Most small businesses are still relying on antivirus software as their only line of defence against cyberattacks. Nearly nine in ten businesses do not feel prepared to deal with a security issue, yet around 40% of attacks were thought to have targeted small businesses last year.

With the growth of the Internet of Things (IoT) comes more and more unprotected devices connected to a network. Small businesses have a clear choice now between traditional antivirus software and endpoint security – a newer, broader approach. Your decision will probably be influenced by the size of your network, how much you use remote working, any ‘bring your own device’ (BYOD) policies, and the kind of security features you need.

It might not sound straightforward, but get the choice wrong and your business could be open to the latest security threats, lose a chunk of your budget on solutions, or both.


What is endpoint protection?

Endpoint security is an approach to detecting suspect network activity and protecting endpoints, including servers, desktops and mobile devices from malware and other direct cyberattacks. Why ‘endpoint’? Every device connected to a network is seen as a point of entry for any threats. Endpoint protection therefore involves centrally managing your network ‘endpoints’, authenticating logins from new endpoints, and enabling remote software updates and patches across devices.

Unlike antivirus products, endpoint security is aimed at business users – particularly firms where remote working, connect from home and bring your own device policies mean more endpoints are connected to a network than ever before. Endpoint solutions usually involve a suite of applications, including antivirus, firewalls, intrusion detection, remote monitoring and anti-malware tools.

It offers:

  • Endpoint detection and response – finding new vulnerabilities, and prioritising a solution
  • Anti-malware and data protection – which may include firewall, DLP, and device and port control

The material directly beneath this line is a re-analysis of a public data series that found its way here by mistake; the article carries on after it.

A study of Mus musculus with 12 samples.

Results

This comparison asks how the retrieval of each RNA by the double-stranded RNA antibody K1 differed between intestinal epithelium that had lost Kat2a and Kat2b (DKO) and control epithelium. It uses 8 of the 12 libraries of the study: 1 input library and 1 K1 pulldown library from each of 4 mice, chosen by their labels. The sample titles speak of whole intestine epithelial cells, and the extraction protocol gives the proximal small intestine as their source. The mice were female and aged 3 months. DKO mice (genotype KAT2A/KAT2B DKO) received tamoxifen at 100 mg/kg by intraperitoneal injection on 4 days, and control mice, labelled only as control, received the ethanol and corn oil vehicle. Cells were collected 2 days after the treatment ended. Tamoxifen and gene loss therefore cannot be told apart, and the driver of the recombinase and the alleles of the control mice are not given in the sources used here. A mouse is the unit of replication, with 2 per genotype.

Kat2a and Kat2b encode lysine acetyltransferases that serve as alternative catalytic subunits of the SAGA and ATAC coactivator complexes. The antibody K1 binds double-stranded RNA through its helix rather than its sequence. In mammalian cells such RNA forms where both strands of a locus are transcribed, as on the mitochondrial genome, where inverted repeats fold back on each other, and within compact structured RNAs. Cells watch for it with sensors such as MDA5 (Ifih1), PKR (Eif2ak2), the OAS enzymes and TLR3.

• Alerts and reports – generating prioritised warnings about emerging vulnerabilities on your network
  • Incident response – centralised and automated response tools to coordinate workflows when an incident is uncovered, including things like blacklisting and sandboxing to contain malware.

What's antivirus?

Antivirus software is built to identify and remove malware – any piece of malicious code found on a device. Malware includes viruses, trojans, keyloggers, ransomware and worms. They’re usually installed on individual devices, running in the background, scanning regularly for malicious patterns. Antivirus software updates – the pop-ups you probably see all the time – are the easiest way to make sure your antivirus is looking for the latest attacks, so it relies on users downloading updates as quickly as possible.

For small businesses, endpoint protection allows you to adapt your security practices to an expanding network of devices, helping to keep your business flexible but protected. By offering remote identification and a fast response when an incident happens, it also helps SMEs manage costs. And there’s less risk of human behaviour creating a chink in your armour. Unlike antivirus software, endpoint protection doesn’t rely on individual users enabling regular updates.


We’re London’s small business IT security experts, with nearly 20 years’ experience advising SMEs of all shapes and sizes how to manage the latest risks.

Contact us to discuss moving to an endpoint security solution.